PPE by the Book

MAKE Santa Fe launches coordinated medical equipment initiative

MAKE Santa Fe's leadership knew, as the COVID-19 pandemic spread and the Personal Protection Equipment shortage became widely known, that its makerspace could help make masks and other devices for the community.

"I think it was clear to many of us that MAKE could play a role," Board President Zane Fischer says. "We just had to get to the point where we could all put our heads together and say, 'do we want to do this' and then put the question out to MAKE's members; I think their general response was, 'What's taking us so long? We're ready."

What took a while, Fischer says, was a coordinated effort to ensure a standardized design process for the pieces MAKE and its members will be creating.

While the "highest level of importance," Fischer says, "is just putting our facility to use to help the community," MAKE also wanted to take the time to create protocols for the project. "We wanted something where we knew it was based on some amount of research," he said. "We wanted something people could reference and understand there was a consistency level there."

While MAKE is not constructing FDA-approved N95 masks, it is making items that conform to the standards and designs developed by the US Department of Health and Human Services National Institute of Health COVID Response Initiative and by leaders at MakerMaskCovid RangerCrafty AvengerHope&Industry and Sewing for Lives. These designs all were created with input from medical professionals.

Drawing on all the available research, Fischer says, "we were able to put something together that we think makes sense from a cost standpoint, from an available materials standpoint, from an easy-to-sew standpoint and easy to wash-and-sterilize standpoint."

That effort has now launched and consists of approximately 35 volunteers spread across three dedicated teams: a sewing team, a laser cutting team and a 3D printing team, which will be following specific guidelines to create cloth face masks and face shields.

The sewing team is working on cloth masks for the community "as one way of helping to ensure N95 masks continue to be as available as possible for healthcare workers," Fischer says.

The face-shields are entirely laser cut, he notes, and not 3D printed, as "the 3D component is difficult to sterilize and 3D printing takes a long time. The entirely laser cut face shield can be manufactured much more rapidly and every component on it can be completely wiped down and there's no porosity." Makers also are using the laser cutters to cut out the pattern for the sewn face masks, "which is cutting significant time and handwork off of the sewing process for people on that team."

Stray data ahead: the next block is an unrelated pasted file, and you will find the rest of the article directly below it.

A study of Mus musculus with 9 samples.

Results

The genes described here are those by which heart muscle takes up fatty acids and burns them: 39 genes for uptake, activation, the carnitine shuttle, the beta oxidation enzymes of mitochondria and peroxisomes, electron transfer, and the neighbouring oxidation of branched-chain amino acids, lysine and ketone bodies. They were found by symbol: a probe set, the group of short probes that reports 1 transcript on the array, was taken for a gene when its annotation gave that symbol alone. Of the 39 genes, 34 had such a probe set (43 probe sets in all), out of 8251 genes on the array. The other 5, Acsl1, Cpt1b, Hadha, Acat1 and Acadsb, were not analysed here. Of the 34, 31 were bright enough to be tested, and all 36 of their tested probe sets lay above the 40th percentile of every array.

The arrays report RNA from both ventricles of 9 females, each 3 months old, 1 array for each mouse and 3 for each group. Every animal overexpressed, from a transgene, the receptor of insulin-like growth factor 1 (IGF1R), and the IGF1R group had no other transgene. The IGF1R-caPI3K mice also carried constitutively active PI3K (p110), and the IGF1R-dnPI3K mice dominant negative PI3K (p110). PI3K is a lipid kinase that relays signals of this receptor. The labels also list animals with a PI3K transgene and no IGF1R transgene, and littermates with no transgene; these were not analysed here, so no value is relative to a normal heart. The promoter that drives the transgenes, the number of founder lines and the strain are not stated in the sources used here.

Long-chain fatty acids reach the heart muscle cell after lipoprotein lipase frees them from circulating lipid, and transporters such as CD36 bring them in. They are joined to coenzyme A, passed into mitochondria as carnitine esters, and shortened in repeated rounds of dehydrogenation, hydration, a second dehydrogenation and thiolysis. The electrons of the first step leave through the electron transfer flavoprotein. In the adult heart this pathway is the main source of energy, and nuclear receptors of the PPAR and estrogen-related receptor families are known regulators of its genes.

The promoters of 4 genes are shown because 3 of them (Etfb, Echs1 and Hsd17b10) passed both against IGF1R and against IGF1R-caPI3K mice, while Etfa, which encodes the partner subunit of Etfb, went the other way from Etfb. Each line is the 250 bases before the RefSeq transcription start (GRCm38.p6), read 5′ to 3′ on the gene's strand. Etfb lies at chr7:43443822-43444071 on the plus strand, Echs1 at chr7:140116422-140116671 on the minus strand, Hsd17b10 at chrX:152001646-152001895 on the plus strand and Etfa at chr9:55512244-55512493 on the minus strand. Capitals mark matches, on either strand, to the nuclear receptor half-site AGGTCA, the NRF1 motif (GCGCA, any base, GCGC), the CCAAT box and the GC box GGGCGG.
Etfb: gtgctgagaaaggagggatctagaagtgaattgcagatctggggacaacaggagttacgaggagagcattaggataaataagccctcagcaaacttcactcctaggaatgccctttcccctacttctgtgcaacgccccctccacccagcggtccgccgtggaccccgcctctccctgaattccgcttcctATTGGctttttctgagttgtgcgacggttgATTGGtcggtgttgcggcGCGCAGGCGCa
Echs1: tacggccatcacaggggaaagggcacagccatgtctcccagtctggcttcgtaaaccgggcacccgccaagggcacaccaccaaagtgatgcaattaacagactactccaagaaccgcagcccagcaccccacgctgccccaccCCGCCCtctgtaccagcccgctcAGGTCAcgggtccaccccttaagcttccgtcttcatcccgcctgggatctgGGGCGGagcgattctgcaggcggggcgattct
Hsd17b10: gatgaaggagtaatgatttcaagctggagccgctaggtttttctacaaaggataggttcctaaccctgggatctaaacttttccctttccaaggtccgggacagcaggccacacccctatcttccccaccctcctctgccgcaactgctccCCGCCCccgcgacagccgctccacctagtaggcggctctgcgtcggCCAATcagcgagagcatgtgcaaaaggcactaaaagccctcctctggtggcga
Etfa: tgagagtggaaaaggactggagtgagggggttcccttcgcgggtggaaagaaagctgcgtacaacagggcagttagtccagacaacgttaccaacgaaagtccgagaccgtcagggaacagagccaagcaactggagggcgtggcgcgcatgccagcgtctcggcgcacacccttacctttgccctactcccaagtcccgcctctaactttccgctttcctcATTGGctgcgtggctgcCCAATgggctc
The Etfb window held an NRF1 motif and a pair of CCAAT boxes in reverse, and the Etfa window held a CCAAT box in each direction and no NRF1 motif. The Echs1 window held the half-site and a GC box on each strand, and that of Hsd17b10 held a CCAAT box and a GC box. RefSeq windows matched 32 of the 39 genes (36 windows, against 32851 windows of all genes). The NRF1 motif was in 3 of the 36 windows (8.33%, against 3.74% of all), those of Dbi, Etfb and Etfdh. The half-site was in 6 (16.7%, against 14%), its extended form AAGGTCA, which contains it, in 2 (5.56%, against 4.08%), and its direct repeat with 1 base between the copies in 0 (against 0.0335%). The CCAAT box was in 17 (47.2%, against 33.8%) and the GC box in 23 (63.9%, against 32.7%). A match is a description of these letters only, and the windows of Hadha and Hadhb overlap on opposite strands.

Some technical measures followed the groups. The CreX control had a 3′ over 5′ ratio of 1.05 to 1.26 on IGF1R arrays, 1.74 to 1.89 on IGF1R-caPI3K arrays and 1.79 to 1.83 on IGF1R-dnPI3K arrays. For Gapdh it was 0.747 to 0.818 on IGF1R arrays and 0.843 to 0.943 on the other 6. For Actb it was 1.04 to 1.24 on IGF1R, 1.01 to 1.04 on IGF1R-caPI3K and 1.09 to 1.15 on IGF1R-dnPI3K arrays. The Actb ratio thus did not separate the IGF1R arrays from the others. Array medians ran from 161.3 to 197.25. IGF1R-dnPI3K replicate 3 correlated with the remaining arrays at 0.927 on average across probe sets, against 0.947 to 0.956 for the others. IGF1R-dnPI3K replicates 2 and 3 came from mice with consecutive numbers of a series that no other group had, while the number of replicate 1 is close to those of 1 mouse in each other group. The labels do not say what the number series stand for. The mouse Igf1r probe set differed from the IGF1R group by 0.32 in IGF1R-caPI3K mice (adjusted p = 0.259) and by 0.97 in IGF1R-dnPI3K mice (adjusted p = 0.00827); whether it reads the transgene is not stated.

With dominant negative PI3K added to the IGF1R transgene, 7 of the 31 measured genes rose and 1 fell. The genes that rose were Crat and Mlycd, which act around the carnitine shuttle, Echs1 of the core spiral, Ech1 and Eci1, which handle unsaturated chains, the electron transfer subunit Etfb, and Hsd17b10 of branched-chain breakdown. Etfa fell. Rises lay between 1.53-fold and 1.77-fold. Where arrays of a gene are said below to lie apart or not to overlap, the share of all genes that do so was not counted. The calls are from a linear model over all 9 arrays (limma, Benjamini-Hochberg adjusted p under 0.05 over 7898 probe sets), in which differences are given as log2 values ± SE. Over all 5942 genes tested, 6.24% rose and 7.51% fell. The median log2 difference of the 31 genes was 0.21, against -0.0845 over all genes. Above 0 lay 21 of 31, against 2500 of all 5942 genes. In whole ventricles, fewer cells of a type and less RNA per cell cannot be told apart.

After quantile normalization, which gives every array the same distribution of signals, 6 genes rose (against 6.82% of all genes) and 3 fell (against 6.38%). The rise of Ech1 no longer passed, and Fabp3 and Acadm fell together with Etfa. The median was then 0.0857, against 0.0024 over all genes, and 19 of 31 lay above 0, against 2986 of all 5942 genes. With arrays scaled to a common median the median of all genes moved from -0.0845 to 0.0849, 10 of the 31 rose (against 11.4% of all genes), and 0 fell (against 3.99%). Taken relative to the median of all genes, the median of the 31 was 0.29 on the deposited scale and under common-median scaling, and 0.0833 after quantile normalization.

As for the 3D printing process, Fischer notes the National Institutes of Health, the National Institute of Allergy and Infectious Diseases, the FDA and America Makes have formed what he characterizes as an "effective partnership" to receive, review and approve proposals of 3D printed equipment for specific medical uses.

One such design involves a portion of the face shield that covers the forehead, which means MAKE "can put our 3D printers to work." It also means assembling a face shield that incorporates "key" input from doctors and nurses "which is that you need to cover the top of the head; so you can't just have a straight shield where an aerosol can go up and over the shield and down into the face area."

Fischer says the project aims to create more than 3,000 masks and 1,000 face shields over the next few weeks. But just as creating equipment that follows safety design specs was key, so has been putting together safety protocols for those making at home, and those utilizing equipment at MAKE's space. While closed for regular activities, MAKE is now open for limited manufacturing of the PPE items, but with stringent rules regarding occupancy and other safety measures.

People can volunteer as makers, funders and in other ways through an online form. All the created equipment will be provided for free, and organizations in need of them also can apply online. MAKE is collaborating with the City of Santa Fe, Meow Wolf and regional healthcare providers to distribute resources and anticipates providing a significant amount of the PPE it produces directly to the city so its emergency response team can prioritize allocation. MAKE also is providing masks to Youthworks to support food and meal distribution across Santa Fe.